When to Offer $10,415.87 Instead of $10K for a Car
Precision bids don't work on experts
By Elizabeth Armstrong Moore,  Newser Staff
Posted Nov 11, 2016 8:05 AM CST
In this Thursday, Sept. 24, 2015, file photo, Volkswagen cars for sale are on display on the lot of a VW dealership in Boulder, Colo.   (AP Photo/Brennan Linsley, File)

(Newser) – If you've ever wondered whether to offer a specific or rounded bid when making a major purchase, scientists say they've got some answers, and it largely depends on the expertise of the person with whom you're negotiating. Reporting in the journal Psychological Science, researchers say that precise bids really only persuade novice negotiators, who read competence behind that decimal point. Experts, meanwhile, see that level of precision as over-compensating—unless it includes a detailed explanation as to why the bid is what it is. They call it "The Too-Much-Precision Effect." They reached this conclusion by conducting five experiments in which 1,320 experts and amateurs participated in real-estate, jewelry, car, and human-resources negotiations.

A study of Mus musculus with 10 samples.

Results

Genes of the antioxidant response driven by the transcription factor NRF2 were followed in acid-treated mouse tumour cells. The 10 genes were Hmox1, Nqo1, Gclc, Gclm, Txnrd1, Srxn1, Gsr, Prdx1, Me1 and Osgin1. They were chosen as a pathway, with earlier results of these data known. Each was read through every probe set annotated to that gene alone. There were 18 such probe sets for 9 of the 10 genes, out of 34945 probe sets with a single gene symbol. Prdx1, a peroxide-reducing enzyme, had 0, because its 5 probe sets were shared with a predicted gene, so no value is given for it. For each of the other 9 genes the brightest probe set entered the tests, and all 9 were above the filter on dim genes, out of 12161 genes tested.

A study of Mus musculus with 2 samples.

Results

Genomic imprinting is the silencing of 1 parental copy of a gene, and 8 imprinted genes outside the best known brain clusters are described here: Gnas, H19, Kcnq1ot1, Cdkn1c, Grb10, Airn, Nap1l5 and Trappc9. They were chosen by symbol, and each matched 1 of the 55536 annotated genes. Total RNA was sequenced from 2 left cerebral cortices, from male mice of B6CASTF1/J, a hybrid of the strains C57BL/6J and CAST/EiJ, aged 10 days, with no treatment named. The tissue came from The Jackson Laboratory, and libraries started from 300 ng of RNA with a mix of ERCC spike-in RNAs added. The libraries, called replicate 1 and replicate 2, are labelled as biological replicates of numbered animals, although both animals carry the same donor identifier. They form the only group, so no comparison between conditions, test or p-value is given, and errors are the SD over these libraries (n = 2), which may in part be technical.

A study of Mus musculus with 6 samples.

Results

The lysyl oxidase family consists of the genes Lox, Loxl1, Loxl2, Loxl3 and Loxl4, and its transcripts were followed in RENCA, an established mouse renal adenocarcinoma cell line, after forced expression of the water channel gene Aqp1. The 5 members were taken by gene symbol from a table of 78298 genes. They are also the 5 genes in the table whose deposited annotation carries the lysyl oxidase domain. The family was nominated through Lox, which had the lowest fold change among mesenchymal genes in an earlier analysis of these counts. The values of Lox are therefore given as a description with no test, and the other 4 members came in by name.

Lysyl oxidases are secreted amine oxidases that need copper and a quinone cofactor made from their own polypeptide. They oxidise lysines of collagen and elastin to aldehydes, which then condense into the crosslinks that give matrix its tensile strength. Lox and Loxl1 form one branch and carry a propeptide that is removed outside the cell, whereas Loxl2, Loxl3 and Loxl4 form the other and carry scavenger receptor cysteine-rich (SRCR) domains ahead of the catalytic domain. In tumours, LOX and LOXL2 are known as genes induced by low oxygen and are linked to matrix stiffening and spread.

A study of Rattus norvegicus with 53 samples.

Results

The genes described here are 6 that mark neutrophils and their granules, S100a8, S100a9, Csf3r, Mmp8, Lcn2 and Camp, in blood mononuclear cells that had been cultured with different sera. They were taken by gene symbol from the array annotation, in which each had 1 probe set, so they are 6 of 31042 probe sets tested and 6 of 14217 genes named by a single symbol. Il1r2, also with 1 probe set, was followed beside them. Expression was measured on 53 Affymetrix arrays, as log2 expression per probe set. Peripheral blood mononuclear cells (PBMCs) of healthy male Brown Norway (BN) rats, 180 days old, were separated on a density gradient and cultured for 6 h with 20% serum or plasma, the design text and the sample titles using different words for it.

In the real estate case, they watched 230 novice negotiators and 223 real-estate agents examine a listing—participants looked at the same pictures, floor plans, etc.—but the list prices ranged from only two precise digits (like $450,000) to eight precise digits ($452,375.52). Counter offers and reasoning were all documented. That's when the pattern emerged. "Pay close attention to your opponent's negotiation expertise," one researcher says in a Eureka Alert news release. "Amateurs seem to think: 'Oh, this number is so precise, my opponent must have thought quite a bit about a fair price." But experts "perceive this as too-precise a price and denigrate their opponent's competence." (Someone tried to sell a million-dollar Corvette for $700 on Craigslist.)